Work as a team to give your camp kitchen a gleaming makeover.
Plan a session with this activity

You will need

  • Washing up liquid
  • Three washing up bowls or buckets per team
  • Warm water
  • Sponge and scourer
  • Tea towels
  • Dirty  pans, crockery and blunt utensils
  • Rubber gloves (optional)

Before you begin

  • To make sure you have enough dirty plates, cups, bowls and so on, do this after snack time or a food-based activity.
  • Set up two lines of cleaning stations using the buckets and bowls:
    • The first bucket or bowl is empty and for food waste.
    • The second contains warm soapy water – you or an adult should check the water is a safe temperature.
    • The third contains clean water for rinsing.
    • The fourth is for drying.

Be a clean machine

  1. Everyone in the group should position themselves along the line, with one or two people at each cleaning station.
  1. Everyone at the first station should empty cups and scrape uneaten food off each item before passing it to the washing station.
  1. The group at the next station should wash the items in the hot, soapy water using the scourer and sponge, and pass to the rinsers.
  1. Everyone at the rinsing station should flush the items with clean water before handing them to the dryers.
  2. The people at the drying station should carefully dry and put each item away.
  1. Everyone should check there’s nothing left to wash up, then rinse sponges and scourers, hang up tea towels and either use the cooled water for watering plants or safely pour it down a drain.


This activity helps everyone understand the importance of camp hygiene and of teamwork. They also honed their practical cleaning skills to spruce up food areas after cooking and eating.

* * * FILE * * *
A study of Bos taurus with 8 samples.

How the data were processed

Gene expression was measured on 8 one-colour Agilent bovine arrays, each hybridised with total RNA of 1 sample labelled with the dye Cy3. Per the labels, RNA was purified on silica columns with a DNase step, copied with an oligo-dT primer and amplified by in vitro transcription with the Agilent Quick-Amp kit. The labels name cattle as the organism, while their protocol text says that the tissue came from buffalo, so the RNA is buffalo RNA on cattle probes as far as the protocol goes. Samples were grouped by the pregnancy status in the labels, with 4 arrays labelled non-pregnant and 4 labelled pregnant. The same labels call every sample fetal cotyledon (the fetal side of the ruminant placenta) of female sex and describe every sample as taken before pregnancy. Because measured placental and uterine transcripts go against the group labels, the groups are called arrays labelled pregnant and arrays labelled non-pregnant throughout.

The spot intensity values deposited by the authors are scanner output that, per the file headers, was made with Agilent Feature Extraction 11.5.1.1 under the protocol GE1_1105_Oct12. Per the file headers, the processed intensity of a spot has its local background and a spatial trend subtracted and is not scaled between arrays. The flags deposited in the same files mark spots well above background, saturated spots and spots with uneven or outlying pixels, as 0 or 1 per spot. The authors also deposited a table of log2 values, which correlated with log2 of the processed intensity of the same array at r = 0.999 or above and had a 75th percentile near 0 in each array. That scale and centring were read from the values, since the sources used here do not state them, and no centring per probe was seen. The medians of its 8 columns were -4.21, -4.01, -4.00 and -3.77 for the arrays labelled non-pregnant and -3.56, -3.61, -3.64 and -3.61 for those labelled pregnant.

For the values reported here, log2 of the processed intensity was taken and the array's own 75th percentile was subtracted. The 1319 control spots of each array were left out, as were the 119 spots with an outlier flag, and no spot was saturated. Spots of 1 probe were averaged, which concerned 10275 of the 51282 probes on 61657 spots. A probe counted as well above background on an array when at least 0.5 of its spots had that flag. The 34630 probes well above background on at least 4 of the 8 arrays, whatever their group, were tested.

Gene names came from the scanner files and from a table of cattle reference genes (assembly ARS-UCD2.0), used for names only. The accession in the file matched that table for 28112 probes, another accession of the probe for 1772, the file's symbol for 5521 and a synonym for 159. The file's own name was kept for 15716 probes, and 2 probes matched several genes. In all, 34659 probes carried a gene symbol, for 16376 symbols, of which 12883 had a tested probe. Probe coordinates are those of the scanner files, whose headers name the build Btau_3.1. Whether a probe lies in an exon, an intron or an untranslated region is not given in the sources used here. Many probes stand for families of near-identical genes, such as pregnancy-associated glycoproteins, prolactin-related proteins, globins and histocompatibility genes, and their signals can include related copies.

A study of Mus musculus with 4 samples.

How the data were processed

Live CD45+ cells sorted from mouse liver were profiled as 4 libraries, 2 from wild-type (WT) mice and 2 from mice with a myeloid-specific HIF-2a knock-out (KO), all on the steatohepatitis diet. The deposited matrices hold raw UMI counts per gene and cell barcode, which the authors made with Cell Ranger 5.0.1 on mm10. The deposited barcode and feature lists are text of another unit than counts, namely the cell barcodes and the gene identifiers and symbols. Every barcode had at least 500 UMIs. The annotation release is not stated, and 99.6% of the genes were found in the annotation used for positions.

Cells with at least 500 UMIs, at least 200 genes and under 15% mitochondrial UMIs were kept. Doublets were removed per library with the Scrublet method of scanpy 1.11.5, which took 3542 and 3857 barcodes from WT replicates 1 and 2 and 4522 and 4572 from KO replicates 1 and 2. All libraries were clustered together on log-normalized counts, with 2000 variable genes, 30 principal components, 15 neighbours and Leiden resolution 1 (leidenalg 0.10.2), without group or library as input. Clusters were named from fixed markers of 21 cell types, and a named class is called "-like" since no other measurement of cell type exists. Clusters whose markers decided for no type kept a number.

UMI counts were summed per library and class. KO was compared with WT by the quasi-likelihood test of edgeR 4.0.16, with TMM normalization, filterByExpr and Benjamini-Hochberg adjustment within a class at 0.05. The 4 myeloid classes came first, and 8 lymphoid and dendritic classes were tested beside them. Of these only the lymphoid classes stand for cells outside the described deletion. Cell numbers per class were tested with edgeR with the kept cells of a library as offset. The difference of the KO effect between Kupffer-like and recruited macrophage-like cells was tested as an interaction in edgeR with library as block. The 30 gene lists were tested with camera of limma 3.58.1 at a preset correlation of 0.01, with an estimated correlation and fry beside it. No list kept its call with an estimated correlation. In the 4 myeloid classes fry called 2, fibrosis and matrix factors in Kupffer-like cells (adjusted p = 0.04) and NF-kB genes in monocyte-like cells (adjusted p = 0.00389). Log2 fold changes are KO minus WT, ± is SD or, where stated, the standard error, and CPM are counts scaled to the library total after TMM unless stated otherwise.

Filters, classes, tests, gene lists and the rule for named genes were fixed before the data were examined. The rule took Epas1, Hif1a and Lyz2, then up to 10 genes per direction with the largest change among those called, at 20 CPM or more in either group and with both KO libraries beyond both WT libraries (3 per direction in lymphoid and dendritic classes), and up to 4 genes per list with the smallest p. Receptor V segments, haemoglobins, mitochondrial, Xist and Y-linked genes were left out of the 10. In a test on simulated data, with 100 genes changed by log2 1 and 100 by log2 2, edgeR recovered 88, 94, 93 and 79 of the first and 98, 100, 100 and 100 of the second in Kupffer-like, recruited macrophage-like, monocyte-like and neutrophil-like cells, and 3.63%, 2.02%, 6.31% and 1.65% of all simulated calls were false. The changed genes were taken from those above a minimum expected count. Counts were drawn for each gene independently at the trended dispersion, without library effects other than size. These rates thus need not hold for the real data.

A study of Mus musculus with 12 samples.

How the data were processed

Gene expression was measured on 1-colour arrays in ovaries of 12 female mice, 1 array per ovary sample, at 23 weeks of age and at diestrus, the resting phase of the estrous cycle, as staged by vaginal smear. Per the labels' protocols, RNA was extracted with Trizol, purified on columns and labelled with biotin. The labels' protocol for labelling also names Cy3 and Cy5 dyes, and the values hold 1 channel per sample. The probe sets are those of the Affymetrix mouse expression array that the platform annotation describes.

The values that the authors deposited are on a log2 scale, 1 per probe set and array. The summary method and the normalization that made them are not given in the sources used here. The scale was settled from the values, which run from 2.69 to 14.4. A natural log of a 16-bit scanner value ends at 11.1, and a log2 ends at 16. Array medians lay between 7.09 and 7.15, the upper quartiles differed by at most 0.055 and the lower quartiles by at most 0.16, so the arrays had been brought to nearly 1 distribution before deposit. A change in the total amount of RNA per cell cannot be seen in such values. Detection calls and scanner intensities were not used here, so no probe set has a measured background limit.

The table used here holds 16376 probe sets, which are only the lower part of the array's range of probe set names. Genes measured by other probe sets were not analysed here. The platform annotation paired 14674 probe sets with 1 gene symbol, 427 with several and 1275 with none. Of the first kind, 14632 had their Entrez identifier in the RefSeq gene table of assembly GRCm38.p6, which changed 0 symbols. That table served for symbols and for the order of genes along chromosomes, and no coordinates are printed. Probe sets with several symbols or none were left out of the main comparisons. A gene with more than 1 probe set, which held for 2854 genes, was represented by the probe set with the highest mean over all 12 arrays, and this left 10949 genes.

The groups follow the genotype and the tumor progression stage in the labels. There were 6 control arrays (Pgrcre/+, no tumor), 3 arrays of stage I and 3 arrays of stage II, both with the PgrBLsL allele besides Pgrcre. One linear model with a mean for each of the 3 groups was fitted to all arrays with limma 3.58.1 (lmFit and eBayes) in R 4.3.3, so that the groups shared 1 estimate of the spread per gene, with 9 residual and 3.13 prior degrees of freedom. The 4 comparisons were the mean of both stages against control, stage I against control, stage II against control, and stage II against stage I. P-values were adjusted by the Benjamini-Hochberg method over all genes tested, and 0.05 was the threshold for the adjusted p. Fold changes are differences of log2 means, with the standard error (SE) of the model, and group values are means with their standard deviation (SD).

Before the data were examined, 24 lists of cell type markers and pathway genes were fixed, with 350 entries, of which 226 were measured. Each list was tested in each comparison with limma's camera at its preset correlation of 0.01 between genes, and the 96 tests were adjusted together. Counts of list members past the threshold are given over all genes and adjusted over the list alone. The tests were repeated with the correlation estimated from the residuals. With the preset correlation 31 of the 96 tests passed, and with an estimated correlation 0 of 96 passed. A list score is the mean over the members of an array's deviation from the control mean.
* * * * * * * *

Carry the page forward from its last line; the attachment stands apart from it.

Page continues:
The group should chat about why it’s important to wash up, even when the weather’s cold and wet, and they’d prefer not to. Their reasons might include the fact it means there are always clean dishes available or that it can help everyone avoid tummy upsets. Now they’re experts, everyone should have washing, rinsing or drying top tips, such as washing before it gets dark or cleaning greasy pans last.

The group should also talk about the benefits of team work, why ‘many hands might light work’ and congratulate each other on being helpful. It’s a reminder that if everyone helps out, less enjoyable jobs like washing up get done quickly and there’s more time for playing.


All activities must be safely managed. Use the safety checklist to help you plan and risk assess your activity. Do a risk assessment and take appropriate steps to reduce risk. Always get approval for the activity and have suitable supervision and an InTouch process.

Water games and activities

Be careful when doing activities with, in, or near water. Check surfaces and reduce the risk of slipping where possible. Make sure you have appropriate supervision for this activity.


Check for allergies before you begin and read the guidance on food safety. Make sure you have suitable areas for storing and preparing food and avoid cross contamination of different foods.

Sharp objects

Teach young people how to use sharp objects safely. Supervise them appropriately throughout. Store all sharp objects securely, out of the reach of young people.

Outdoor activities

You must have permission to use the location. Always check the weather forecast and inform parents and carers of any change in venue.